The Orionid meteor shower happens every year in October as Earth passes through fragments of debris left in the wake of Halley’s Comet, which, as they enter our atmosphere, burn out and create fiery and colorful streaks in the sky.

The Orionid meteor shower usually occurs between October 2 and November 7 and will be at its peak on October 21 and 22. With a dark, moonless sky, you should be able to see up to 10 to 20 per hour.

These meteors travel extremely fast, entering our atmosphere at about 66km (41 miles) per second. Even when they are faint, you might spot their glowing trains (ionized gas trails) that last a few seconds after the meteor itself has gone.

If you’re lucky, you might also see exceptionally bright meteors breaking up in to fragments or even become fireballs creating explosions of light similar to fireworks.

How to prepare watch the Orionid meteor shower.

The Orionids will be visible in both the Northern and Southern hemispheres after midnight and before dawn. Best viewed away from the glow of city lights, so dress warmly and go prepared with a blanket or sleeping bag to lie on. Using a telescope or binoculars will not be helpful when watching for meteors.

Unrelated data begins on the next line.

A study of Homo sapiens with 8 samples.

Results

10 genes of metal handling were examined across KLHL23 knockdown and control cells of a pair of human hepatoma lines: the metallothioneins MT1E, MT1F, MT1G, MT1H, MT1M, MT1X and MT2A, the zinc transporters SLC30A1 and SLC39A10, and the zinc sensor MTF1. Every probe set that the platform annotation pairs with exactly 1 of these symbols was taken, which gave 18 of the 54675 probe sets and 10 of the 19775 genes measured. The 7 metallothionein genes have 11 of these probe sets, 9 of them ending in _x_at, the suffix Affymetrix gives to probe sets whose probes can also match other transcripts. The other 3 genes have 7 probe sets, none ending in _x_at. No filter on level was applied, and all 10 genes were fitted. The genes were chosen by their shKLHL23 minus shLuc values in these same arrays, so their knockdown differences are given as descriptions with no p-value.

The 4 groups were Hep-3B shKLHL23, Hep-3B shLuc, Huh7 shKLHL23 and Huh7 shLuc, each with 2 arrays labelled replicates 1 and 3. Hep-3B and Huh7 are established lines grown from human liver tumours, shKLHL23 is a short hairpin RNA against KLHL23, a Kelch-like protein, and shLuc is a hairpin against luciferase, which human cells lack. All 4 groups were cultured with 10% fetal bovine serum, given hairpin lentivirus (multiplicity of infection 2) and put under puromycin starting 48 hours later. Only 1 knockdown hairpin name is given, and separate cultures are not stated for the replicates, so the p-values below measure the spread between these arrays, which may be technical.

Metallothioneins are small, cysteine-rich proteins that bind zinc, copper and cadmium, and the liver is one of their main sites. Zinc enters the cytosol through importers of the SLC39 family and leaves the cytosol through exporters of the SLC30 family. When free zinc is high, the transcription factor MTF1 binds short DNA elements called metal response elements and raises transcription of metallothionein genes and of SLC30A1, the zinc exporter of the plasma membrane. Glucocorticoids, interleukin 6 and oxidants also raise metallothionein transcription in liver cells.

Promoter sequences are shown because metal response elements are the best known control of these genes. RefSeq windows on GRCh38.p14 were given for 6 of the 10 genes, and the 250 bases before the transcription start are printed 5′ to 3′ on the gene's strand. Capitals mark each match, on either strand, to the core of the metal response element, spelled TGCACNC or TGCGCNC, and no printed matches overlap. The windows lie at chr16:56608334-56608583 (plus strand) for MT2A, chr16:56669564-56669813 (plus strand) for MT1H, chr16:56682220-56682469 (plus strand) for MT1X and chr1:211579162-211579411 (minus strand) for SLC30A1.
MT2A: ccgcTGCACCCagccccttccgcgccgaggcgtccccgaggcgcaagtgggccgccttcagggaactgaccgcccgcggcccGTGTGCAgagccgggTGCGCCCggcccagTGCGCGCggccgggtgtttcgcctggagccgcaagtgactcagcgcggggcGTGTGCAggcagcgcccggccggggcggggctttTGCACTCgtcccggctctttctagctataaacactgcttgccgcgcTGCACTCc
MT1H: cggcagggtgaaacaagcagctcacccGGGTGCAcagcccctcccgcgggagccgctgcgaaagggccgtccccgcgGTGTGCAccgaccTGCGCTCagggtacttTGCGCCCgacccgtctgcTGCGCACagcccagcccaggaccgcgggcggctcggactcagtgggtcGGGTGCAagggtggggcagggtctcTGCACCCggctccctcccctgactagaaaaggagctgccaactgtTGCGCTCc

Lie on your back and, if you are in the Northern Hemisphere have your feet facing southeast and northeast, if you are in the Southern Hemisphere. At this point, switch off all lights, including smartphones, to allow your eyes to adjust to the dark. Relax, look up at the sky and take in as much as possible.  The show lasts till dawn, enjoy!

Meteor showers are named after the region of the sky that they appear to come from (known as the radiant). The radiant for the Orionids is the constellation of Orion.

This does not mean you need to look at Orion to view the showers as they will be visible throughout the sky and best viewed from 45 to 90 degrees away from the radiant.